Some like to keep homebrewing simple, while others like to experiment with different techniques and try everything out there. Upgrading your homebrewing can mean many things. It does not have to be complicated or more advanced. In this article, the suggestions actually help you make homebrewing less complicated and a quicker, more enjoyable hobby. The tips help you have less equipment to clean, ferment faster and gain more control over your fermentations. Lets get to it.
3 Ways to Upgrade Your Homebrewing
Go From Bottling to Kegging
This is a common step in the hobby of homebrewing, just like going from extract brewing to all grain. It is something every homebrewer will have to decide on at some point. Bottling and kegging are the two popular options in packaging homebrewed beer. Choosing between them largely comes down to time vs. money. Bottling is time-consuming but very inexpensive. Kegging costs more in equipment, but saves you time since you do not have to package and clean each beer individually. There is also the question of preference: Do you enjoy drinking beer from tap or bottle? Some might not see the time spent on bottling as a negative thing as it is also a part of the hobby.
When bottling beer, you need to prepare the beer to carbonate in the bottle at the right level. Bottling consists of four steps: cleaning, sanitizing, preparing the beer and filling the bottles. You´ll need relatively simple and inexpensive equipment: a large "spoon", a bottling bucket, a racket cane, a tube for moving beer from the bucket to the bottles, a bottle filler, sugar, bottles, a capper and bottle caps.
The obvious advantage to kegging is the ease of cleaning compared to bottling. There are, however, some drawbacks to kegging your beer. The equipment needed costs more than it does for bottling: A keg, CO2 tank with regulator, hoses, dispenser and fittings. Buying all of this brand new can cost over $200. It is also possible to buy a keg and CO2 tank used in good condition with new hoses, regulator and fittings for $110- $160. You also need a way to cool the keg. It obviously does not fit in a regular fridge. You would need a larger cooler, preferably a dedicated one for the kegs.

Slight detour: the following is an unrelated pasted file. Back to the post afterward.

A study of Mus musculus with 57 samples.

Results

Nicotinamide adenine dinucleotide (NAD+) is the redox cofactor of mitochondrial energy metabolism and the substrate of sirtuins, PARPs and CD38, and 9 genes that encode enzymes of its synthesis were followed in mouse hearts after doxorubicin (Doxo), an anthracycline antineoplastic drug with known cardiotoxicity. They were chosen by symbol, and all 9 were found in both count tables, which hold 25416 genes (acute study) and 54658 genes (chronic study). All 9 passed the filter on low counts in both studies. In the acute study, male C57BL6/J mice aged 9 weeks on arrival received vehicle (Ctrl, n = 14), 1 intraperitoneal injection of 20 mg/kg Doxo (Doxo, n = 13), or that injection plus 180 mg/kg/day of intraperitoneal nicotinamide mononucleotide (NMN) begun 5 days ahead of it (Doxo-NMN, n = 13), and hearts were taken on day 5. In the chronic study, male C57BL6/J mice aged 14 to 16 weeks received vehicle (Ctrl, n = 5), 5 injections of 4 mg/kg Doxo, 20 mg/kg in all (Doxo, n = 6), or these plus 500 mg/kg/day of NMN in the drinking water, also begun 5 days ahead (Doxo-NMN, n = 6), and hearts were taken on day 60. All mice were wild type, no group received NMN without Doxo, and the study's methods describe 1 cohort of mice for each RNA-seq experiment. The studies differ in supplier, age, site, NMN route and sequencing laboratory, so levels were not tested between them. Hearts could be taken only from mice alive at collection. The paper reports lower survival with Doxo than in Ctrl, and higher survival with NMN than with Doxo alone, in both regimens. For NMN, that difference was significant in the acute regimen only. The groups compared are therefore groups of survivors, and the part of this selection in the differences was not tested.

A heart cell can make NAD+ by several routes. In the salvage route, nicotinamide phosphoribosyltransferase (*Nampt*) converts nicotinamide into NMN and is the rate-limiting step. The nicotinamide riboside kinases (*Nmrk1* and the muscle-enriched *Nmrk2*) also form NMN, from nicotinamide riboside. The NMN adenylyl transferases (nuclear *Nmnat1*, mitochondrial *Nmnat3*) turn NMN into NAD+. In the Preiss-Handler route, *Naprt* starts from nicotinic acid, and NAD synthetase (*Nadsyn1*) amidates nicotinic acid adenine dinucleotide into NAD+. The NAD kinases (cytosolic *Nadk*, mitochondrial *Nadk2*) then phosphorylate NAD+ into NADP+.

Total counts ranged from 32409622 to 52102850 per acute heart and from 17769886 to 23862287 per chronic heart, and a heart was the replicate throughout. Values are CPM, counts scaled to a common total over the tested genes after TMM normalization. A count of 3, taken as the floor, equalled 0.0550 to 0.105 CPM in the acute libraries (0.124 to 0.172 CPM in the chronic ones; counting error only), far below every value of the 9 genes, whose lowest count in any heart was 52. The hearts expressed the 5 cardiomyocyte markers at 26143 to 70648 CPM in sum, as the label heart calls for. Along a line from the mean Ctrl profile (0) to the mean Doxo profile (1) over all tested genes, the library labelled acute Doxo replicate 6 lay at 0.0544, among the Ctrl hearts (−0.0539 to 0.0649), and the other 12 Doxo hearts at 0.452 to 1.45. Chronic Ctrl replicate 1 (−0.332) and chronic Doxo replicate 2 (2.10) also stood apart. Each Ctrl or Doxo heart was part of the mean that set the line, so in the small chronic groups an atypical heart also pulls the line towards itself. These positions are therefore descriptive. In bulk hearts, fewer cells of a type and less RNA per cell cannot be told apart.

Try Voss Kveik Super Yeast
Voss kveik is the Norwegian ancient super yeast. Kveik is a family of yeast that has been around for generations of brewers around Voss in Norway. There is a reason why there is so much recent hype about the rediscovered kveik in the brewing community. Kveik is able to handle rapid fermentations at high temperatures. To understand just how special kveik is, it should be compared to regular yeast. Ale yeast works best between 55 and 75 degreed Farenheit. In these conditions it will take around seven days to fully ferment an ale at 5% ABV. If you increase the temperature, it will ferment faster, however it will most likely produce noticeable off-flavors.
Kveik is much more impressive. It can ferment without producing off flavors at temperatures up to 98 degrees Farenheit. When fermenting at such high temperatures, kveik can ferment a 5% ABV beer in just 48 hours. Much sooner than the typical ale yeast. Some types of kveik can even survive 104 degrees.
Digitally Monitoring Your Fermentations
Monitoring your fermentations will not make your beer better, however, it will make you a better homebrewer. The Plaato Airlock gives you real-time key fermentation data straight to your phone: ABV %, temperature, BPM (bubbles per minute) which is an indication of fermentation activity. Having this data at hand lets you know how your fermentation activity is going without being present to observe the airlock or fermentation directly or taking constant gravity measurements. Having this data available is not only a handy tool, it is also interesting and addictive to follow the fermentation live from wherever you are. In addition, it makes the whole process social since you can share all the data with friends.